Nov
3

Post by community member:

pumpkin with dew

It’s time to bring the pumpkins in and process them for cooking. I love pumpkin and try to process it every year for pies, crisps, and soup.


There are a couple of ways to process pumpkin for use in pies, etc. You can bake it, or you can steam it. I like to steam it because it’s faster and this post is to show you how.

First cut it in half. This was an excellent, meaty pumpkin. Not many seeds, but a lot of flesh. Perfect for pies and soup.

big pumpkin half

Scrape out the seeds. Don’t worry about getting all the stringy things out. Just get the seeds out.

Cut the pumpkin into wedges or strips. Then peel each strip with a vegetable peeler.

big pumpkin slices

Cut each peeled strip into chunks. They can be big chunks, but not huge ones.

big pumpkin chunks

Steam the chunks until they are soft. You should be able to put a fork in them easily. They might begin to fall apart–that’s OK.

big pumpkin steaming

I use a little steamer basket that opens up to fit across the entire bottom of this big pot. Then I load the pot to the top with pumpkin chunks. They’ll cook down a bit as they steam.

Turn the heat on high enough to get a hard boil. Once it’s boiling well, you can cover the pot and turn the heat down. It only took me about 20 minutes to steam a big pot full. [I had two pots worth of pumpkin chunks.]

Once the pumpkin is good and cooked, I put it in a bowl and mash it up a bit with a potato masher before it goes in the blender.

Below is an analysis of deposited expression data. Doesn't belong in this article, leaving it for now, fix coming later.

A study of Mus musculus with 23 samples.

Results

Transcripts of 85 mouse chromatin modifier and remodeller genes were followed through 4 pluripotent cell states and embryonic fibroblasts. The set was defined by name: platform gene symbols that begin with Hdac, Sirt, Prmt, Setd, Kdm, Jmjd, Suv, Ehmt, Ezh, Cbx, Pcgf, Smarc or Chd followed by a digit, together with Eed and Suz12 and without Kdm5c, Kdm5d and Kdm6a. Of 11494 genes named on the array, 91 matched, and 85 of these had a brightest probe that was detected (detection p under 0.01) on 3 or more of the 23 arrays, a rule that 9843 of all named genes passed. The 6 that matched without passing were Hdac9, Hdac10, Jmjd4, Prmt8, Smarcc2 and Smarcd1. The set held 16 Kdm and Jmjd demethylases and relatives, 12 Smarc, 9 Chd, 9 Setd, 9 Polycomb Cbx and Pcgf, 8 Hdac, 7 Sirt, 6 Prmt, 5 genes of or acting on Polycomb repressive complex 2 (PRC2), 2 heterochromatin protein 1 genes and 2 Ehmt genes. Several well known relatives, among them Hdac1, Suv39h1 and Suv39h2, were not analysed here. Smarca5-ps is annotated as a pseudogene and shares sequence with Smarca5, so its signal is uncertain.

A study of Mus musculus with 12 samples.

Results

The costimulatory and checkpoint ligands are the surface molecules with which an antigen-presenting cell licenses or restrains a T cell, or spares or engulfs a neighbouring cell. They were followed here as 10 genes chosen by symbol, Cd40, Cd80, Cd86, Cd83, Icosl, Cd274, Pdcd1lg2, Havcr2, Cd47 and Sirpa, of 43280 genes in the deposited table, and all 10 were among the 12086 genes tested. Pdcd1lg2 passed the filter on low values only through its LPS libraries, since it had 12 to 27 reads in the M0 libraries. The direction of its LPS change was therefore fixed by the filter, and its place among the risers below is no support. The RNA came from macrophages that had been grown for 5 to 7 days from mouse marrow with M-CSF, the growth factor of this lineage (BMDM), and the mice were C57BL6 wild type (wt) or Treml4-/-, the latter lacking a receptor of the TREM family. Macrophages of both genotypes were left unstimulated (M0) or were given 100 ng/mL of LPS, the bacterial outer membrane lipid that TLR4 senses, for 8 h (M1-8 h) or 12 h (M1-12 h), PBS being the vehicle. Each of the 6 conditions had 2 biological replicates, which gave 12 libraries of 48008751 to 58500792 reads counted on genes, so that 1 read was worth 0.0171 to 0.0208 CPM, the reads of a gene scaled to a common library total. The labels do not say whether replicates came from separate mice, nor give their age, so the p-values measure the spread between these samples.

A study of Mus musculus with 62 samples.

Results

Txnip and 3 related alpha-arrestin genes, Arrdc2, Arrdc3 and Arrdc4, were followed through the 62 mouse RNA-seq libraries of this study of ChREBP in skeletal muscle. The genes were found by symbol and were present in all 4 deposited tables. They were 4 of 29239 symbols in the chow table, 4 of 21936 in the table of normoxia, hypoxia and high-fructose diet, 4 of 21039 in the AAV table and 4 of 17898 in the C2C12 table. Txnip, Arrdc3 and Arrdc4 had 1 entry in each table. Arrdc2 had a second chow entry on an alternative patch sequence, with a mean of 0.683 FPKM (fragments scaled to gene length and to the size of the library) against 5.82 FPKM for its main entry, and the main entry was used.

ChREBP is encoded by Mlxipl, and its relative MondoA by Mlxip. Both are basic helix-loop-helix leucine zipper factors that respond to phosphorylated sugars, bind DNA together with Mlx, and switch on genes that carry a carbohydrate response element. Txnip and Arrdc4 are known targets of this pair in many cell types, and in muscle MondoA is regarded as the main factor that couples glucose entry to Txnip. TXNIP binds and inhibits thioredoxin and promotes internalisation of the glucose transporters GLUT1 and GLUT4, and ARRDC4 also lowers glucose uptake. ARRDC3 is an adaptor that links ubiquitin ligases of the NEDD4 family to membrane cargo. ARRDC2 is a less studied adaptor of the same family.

big pumpkin mashed in bowl

My blender is happier that way.

I filled it to the tippy top. Then I turned on puree to get…

big pumpkin in blender

….this lovely pumpkin puree.

big pumpkin puree in blender

Now it’s ready to use in pie or soup or pumpkin butter or whatever else your heart desires.

So far we’ve used ours in soup and in pumpkin pancakes. I think a pumpkin crisp is on the menu for tomorrow. Yum!

Long term storage: Pumpkin is dense and low acid. If you want to bottle it up keep in your cupboard, then make sure you use your pressure canner, leave it cubed (don’t can pureed pumpkin, it’s too dense for proper heat penetration) and consult your local extension office or the Ball Blue Book for processing times.

If you want to long term store pumpkin puree, then you can freeze it until you’re ready to use it.

Editor’s Note: See the National Center for Home Food Preservation’s pumpkin/squash canning instructions here.

Robin from Rurification blogs at Rurification.



    8:04
    am

    I wash and quarter my pumpkin, remove all the seeds stringy stuff, place it in a baking pan skin side down, pour enough water in to cover the bottom of the pan and bake at 350 until tender, about 30 minutes or so depending on the size of the pumpkin. If the water evaporates out keep adding enough to keep the bottom covered so the pumpkin doesn’t burn. When the pumpkin is good and fork tender you should be able to scoop the pumpkin right out of the shells. Mash and puree.

    I think its much easier than peeling and cubing. Just my 2 cents ūüėČ

  2. 11-3
    10:21
    am

    I used to bake it also, pumpkin and butternut squash and then gring it up for babyfood. My son LOVED it. I think roasting it brings out a sweetness.

  3. 11-3
    10:44
    am

    Pumpkin Crisp sounds yummy. Thanks for sharing!

  4. 11-3
    1:46
    pm

    I can pumpkin for pies and bread, however I use the recipe I am going to make and add the amount of pumpkin and the amount of sugar and can. It keeps quite well and when I am ready to use it all I have to do is add the milk, spices and eggs.
    NEVER, NEVER, NEVER add the egg before you are ready to put the food in the oven. It will spoil the product. You can tell by the slimy pour. Years ago I did it.